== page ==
I've been thinking about the future a lot lately.
Last week I attended a joyous event, a beautiful and delightful wedding. The day was shining, the bride and groom young and happy, and as I glanced around the crowd it seemed all in attendance wore shimmering smiles full of genuine fondness. At a wedding your mind wanders across some pretty deep territories; life, love, the passage of time. And it wanders especially toward the future; as you watch a new life for two young people take shape before you, you'd have to be pretty lacking in the introspection department not to think of what their future will be like.
At this wedding in particular I was lost in thoughts of the future because the groom, who stood before me so proud and so handsome, is my son. Anyone who includes the word 'parent' on their list of life experiences knows when you have children your perspective changes 100 percent. Your future takes a backseat to their future. You work toward a better future for them, you want the world to be a safer, kinder, more loving place for them. And there he was, my oldest son, taking a huge leap into that future with a wonderful woman by his side.
Since the wedding I've been trying to envision the world they will inherit. I can't, of course, and I'd be pretty bad at it if I tried; heck, I'm actually disappointed we don't have flying cars. So all I can really do is say what I hope that future will look like, from the macro to the micro.
There's the big-picture side of the spectrum: I would love nothing more than to know their world had shrunk to the size of a pea. They've got the traveling bug, these two, so I know they will see the world, I just hope they find the place more united than divided. I hope they get to see the children who say Salaam grow closer to the children who say Shalom, that borders become welcome centers and less like armed encampments, and that when we think of folks like us we think of people halfway down the block and also halfway 'round the world. I'd like them to know a time when people protect their planet with the same fierceness that they protect their own backyard. And if not, I hope there are still lots of people working to make it happen.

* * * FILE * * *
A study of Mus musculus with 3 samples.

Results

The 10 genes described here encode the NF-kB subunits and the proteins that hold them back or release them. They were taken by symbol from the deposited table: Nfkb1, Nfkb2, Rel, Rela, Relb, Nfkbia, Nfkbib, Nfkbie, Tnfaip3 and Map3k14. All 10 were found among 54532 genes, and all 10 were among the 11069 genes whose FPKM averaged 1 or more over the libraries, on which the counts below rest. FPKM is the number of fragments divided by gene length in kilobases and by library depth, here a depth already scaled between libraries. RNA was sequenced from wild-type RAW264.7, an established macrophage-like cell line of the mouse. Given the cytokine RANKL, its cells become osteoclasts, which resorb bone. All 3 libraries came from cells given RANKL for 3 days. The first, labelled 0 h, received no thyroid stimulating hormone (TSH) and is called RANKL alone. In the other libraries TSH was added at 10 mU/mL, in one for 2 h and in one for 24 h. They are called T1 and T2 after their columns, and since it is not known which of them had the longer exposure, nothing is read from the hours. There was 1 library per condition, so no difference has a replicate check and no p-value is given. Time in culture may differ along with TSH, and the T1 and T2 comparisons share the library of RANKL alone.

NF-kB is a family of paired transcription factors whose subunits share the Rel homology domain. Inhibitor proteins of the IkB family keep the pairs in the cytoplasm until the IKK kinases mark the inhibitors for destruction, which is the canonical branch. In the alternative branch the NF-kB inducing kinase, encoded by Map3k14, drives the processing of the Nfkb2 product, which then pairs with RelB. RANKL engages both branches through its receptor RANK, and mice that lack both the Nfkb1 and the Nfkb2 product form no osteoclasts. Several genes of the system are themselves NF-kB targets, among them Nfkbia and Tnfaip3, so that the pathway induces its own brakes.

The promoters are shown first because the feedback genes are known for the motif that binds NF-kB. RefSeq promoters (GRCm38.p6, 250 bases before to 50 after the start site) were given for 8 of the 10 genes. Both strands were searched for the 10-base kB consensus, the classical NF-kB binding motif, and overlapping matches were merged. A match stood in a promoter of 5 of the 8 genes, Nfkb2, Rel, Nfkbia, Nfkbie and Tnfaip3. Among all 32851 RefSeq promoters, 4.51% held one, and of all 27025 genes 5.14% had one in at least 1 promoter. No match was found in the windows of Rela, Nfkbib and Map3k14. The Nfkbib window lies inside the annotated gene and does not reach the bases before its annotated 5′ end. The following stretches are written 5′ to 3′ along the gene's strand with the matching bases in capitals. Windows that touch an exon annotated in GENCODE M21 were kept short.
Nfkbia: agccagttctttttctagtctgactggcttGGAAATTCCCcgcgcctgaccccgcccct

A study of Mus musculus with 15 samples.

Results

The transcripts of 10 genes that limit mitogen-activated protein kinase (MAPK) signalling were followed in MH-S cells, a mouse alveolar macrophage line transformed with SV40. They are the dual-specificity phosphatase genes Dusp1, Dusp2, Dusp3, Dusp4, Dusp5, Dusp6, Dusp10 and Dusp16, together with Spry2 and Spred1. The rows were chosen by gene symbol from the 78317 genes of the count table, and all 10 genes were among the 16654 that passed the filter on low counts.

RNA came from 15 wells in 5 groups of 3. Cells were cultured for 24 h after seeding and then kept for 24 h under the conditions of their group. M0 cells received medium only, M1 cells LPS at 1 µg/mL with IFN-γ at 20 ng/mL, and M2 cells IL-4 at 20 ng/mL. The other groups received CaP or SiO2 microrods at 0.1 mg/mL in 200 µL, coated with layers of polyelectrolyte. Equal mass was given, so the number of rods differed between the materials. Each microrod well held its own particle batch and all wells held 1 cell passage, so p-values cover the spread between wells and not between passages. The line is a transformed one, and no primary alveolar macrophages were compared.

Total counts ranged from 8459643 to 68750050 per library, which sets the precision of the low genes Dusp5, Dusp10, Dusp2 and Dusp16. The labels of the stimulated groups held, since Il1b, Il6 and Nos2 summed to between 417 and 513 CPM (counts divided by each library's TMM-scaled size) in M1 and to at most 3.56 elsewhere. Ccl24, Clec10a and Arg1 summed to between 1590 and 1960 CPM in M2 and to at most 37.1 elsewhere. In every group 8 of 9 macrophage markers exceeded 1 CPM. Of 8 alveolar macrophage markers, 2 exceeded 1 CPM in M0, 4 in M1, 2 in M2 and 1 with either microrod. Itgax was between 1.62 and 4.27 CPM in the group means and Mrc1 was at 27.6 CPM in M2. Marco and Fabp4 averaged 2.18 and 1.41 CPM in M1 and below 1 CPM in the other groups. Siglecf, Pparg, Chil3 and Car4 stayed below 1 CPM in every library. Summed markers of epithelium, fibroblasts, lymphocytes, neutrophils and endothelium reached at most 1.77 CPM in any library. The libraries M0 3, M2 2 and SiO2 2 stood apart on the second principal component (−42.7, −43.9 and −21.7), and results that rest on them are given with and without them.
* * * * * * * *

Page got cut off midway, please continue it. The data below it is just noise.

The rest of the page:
Then there's the little stuff. I hope they get to pick fresh blackberries from their backyard. I hope the internet doesn't do away with the pleasurable experience of a dark movie theater and a bucket of popcorn. I hope they see a time when the World Series finally lives up to that preposterous name and includes teams from other countries.
And I hope for the one thing that every mother hopes for-I want my kids to be healthy, and cared for when they're not. And on that one point at least I can actually do more than hope. I can work for it. My father did that for me: he marched and voted and campaigned for the causes he believed in because he wanted the world to be better for me. So the mom in me can't help it; if I see an opportunity to make the future better for my kids, you better believe I'm going to work to make it happen.
Now that I'm back home, gathering memories of that special day like once-in-a-lifetime flowers, I hope I never forget the prayerful thought I had while I watched my son and his wife exchange vows; that their future be better and brighter than it was for me or my parents. I hope I never forget that, and more than that, I hope I keep fighting for it. My father did it for me. Now it's up to me to do it for them. Looking into the beautiful faces of my son and his wife only strengthened my determination.